Born in 1999, I’ve always lived in the shadow of what was first Global Warming, then Climate Change and now Climate Crisis. This meant that before I’d even left primary school, I was lecturing my parents about recycling and drawing houses with wind turbines on the roof. I’d been taught the simple truth; that things have to change, or they’ll get much worse. Over 10 years on, I’m not designing Net Zero homes, but I am part of a team that champions them. However, the change we need has still not materialised.

For those my age or younger, this isn’t for want of trying. One of the most astonishing Climate movements of the last decade has been Fridays for Future. Famously started by Greta Thunberg, these strikes give school children and students a way to voice their concerns, that a reckless approach to Climate Crisis mitigation is destroying their futures. The movement has grown from just one girl to a super active international coalition.

UKGBC joined Fridays for Future’s September global strike in London, along with Architects Declare, LETI and other sustainably minded built environment professionals. The student protestors held some signs grieving the losses of Climate Change and others asking for a better world. You might think a group of architects and construction professionals would stand out with our signs asking for National Retrofit or Net Zero homes. However, the role the built environment can play is filtering through to popular climate activism. That’s to say, we all enthusiastically joined in when there was a chorus of, ‘What do we want? Housing Insultation. When do we want it? Now!’

I write this blog post over a month later, on day 5 of the COP26 Conference that’s been dedicated to Youth and Public Empowerment. Again today, the Fridays for Future movement will take to the streets to raise their concerns. Once again, I’ll be attending the strike as a member of UKGBC. However, I’ll be there after a week of representing our cause across Glasgow and various COP26 events. I’m acutely aware that different stakeholders from across the world – including many young activists – who have been restricted from attending COP26 and I feel the weight of that on my shoulders. As a young person who’s been given an opportunity to be in this space, what do I want to say?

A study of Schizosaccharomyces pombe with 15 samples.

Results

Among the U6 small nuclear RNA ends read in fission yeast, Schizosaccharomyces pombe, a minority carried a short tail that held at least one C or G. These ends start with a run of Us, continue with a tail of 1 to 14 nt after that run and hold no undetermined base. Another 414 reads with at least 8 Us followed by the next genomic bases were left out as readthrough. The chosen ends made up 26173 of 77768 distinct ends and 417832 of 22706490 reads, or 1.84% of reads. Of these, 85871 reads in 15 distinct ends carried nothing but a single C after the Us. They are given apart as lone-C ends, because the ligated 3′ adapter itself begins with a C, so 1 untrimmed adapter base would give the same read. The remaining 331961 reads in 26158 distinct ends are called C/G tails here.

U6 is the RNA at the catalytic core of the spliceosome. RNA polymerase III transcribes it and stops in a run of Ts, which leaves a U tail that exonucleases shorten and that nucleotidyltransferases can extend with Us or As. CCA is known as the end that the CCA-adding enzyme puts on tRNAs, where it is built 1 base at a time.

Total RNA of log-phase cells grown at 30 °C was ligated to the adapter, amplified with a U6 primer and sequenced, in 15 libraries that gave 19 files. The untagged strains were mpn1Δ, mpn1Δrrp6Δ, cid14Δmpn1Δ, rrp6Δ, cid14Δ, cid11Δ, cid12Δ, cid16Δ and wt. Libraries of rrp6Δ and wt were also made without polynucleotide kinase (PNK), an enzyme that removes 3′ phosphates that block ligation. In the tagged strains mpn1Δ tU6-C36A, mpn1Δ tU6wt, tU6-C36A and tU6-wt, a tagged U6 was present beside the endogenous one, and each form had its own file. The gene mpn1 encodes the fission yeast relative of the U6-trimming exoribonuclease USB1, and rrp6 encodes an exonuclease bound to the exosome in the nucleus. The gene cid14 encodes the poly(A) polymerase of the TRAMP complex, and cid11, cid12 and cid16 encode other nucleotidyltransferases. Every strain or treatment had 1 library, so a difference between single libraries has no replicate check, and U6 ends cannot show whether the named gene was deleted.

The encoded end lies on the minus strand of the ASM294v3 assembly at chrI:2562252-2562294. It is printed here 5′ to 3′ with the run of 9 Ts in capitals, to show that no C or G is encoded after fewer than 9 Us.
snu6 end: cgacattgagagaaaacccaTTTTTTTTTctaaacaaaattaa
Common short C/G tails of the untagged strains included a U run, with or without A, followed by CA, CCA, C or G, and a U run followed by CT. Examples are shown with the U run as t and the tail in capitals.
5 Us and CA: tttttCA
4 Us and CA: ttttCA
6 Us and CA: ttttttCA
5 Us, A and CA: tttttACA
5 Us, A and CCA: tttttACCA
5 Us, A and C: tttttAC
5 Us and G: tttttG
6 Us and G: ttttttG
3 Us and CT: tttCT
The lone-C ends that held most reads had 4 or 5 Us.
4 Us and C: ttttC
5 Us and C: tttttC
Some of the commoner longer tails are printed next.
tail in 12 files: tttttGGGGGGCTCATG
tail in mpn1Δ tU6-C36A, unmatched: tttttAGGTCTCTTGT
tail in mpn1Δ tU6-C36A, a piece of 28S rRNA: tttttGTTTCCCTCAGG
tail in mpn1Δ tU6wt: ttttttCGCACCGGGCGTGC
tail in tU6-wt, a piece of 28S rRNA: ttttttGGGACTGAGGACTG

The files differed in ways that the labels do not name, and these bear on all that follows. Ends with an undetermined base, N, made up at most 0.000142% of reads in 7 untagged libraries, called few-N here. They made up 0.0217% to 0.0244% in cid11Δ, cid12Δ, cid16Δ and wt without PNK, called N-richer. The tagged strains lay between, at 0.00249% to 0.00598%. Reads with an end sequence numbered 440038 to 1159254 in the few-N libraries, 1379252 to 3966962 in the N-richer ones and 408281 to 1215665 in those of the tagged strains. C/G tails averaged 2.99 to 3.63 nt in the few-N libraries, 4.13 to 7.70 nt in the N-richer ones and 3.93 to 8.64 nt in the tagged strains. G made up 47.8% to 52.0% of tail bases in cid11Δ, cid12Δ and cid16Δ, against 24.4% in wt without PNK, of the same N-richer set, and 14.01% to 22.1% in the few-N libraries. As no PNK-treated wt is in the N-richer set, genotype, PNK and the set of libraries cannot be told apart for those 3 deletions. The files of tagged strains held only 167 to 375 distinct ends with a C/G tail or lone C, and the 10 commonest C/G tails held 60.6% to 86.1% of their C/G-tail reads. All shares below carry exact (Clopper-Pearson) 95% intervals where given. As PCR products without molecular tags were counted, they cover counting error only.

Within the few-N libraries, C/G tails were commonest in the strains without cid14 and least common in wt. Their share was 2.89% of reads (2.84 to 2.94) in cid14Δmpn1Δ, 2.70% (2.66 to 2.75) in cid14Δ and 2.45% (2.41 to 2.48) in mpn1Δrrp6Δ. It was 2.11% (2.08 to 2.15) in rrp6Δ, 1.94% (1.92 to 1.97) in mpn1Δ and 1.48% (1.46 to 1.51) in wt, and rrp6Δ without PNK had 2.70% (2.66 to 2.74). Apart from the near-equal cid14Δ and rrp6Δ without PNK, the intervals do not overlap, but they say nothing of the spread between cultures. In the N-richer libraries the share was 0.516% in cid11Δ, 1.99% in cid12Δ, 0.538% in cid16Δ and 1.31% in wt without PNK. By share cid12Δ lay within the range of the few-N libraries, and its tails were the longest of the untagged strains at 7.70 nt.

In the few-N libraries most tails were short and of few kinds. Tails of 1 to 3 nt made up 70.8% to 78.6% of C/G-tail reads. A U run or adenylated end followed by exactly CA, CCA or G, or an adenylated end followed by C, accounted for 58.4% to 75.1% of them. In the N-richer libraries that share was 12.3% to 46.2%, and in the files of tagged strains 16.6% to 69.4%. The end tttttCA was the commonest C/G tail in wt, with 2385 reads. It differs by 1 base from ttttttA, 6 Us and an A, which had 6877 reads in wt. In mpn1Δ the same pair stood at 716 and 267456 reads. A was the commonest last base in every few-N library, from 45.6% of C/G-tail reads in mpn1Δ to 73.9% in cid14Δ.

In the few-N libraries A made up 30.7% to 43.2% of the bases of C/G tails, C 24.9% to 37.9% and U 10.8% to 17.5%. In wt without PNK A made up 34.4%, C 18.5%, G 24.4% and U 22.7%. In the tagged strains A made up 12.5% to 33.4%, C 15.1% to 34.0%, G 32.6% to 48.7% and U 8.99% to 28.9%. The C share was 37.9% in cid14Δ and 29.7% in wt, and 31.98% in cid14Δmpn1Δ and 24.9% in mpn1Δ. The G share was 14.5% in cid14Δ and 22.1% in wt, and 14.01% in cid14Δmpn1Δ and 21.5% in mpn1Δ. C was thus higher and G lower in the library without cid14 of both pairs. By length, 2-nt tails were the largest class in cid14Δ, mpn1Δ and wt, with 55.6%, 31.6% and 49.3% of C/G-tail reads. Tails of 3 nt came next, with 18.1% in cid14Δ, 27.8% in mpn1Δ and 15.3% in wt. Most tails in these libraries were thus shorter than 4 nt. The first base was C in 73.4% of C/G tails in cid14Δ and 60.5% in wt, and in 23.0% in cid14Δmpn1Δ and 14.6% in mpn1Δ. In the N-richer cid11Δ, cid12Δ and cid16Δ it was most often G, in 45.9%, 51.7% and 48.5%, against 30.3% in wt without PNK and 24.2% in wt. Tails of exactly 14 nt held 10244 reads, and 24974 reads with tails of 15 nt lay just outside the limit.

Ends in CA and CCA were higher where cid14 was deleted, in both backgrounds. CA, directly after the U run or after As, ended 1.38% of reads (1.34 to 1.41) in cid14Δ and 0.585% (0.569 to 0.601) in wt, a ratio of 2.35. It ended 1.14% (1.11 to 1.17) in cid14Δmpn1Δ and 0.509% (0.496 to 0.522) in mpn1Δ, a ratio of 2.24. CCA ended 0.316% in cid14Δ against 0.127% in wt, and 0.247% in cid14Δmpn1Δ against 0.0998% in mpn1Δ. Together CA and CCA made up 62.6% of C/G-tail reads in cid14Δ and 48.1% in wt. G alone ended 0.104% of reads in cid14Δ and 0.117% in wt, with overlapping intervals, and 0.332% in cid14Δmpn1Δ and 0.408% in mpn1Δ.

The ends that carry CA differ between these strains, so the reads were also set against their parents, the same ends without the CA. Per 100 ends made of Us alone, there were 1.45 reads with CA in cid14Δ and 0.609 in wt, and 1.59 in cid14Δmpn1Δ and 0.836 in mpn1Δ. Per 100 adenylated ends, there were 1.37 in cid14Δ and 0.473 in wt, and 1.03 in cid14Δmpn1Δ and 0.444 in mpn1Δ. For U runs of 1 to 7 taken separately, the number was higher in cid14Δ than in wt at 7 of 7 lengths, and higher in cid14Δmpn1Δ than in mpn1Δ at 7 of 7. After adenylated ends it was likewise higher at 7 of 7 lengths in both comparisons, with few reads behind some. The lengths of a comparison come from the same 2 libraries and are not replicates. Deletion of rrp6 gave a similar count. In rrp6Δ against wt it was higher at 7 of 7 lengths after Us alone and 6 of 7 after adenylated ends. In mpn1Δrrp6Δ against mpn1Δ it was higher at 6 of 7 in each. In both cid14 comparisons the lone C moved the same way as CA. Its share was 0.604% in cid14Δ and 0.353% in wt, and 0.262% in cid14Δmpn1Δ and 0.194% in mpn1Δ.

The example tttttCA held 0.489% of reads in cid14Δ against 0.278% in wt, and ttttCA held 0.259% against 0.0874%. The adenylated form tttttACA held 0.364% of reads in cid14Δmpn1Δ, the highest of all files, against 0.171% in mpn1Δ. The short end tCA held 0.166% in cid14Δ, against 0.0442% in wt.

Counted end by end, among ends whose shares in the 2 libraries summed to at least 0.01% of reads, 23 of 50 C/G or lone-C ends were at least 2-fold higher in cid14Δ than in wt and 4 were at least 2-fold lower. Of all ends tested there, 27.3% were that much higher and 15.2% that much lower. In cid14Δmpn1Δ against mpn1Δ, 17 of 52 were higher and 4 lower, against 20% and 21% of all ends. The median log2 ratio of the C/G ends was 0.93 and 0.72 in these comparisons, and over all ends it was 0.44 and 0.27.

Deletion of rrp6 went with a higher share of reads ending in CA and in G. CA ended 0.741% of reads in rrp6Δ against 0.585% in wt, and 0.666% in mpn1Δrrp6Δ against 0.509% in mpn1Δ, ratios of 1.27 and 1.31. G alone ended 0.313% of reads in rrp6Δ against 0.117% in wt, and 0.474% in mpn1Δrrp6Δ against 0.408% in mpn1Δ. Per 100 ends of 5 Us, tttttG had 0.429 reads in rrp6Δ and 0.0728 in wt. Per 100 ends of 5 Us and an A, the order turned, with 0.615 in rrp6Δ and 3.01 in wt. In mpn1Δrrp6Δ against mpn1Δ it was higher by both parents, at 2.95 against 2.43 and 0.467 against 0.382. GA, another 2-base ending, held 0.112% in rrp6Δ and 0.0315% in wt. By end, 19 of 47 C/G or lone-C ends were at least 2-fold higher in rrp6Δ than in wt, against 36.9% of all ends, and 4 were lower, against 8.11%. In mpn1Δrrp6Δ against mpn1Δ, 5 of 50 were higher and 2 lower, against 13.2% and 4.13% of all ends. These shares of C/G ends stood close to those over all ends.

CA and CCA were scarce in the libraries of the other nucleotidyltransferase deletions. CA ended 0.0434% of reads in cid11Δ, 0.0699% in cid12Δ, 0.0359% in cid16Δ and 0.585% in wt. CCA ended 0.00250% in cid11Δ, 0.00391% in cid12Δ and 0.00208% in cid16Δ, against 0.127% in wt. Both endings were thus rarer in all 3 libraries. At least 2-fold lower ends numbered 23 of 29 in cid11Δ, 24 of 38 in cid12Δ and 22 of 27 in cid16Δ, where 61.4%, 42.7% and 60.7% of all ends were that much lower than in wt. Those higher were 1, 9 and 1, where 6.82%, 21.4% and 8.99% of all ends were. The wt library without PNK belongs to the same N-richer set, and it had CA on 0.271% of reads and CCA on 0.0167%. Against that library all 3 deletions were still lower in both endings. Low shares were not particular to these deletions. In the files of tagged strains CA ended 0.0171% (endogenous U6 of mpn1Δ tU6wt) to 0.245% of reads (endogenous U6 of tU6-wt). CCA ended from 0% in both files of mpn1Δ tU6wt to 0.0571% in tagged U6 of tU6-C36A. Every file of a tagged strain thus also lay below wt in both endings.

We need action. No more targets, but action that will accelerate Net Zero, increase biodiversity and ensure the resilience of our communities against Climate Crisis. More specifically, we need to implement meaningful plans so we can create sustainable buildings and better cities. In the UK specifically, a disappointing Heat and Buildings Strategy mean it’s more imperative than ever that we Build Better Now. It’s clear there is public interest and demand for this transition – ranging from positive survey results to recent high profile direct action.

Here at UKGBC we’re excited to see this shift in the public’s understanding of the impact of our built environment has as well as the solutions it can provide. However, there can be a disconnect for youth activists. Unlikely to own a home until much later than our parents, installing a heat pump or insulating our roof are far less tangible actions than sustainable transport or a vegan diet . This is not to say youth activists are not engaging in the issues of housing and the built environment, as we found at the September Climate March, they are despite the barriers. But we need to do more as an industry to raise a voice for just how important sustainable buildings are in the transition to net zero as 42% of UK emissions can be attributed to the built environment alone, if you include the related vehicle emissions. It’s a simple truth that the homes we live in and the buildings we use are some of the biggest impacts we have on the Climate.

Personally, I hope that my peers, and youth climate activists particularly, meaningfully engage in the work needed to transform our homes, cities and infrastructure. As it’s imperative everyone understands that the transformation of our buildings is a central tenet to a just and sustainable world.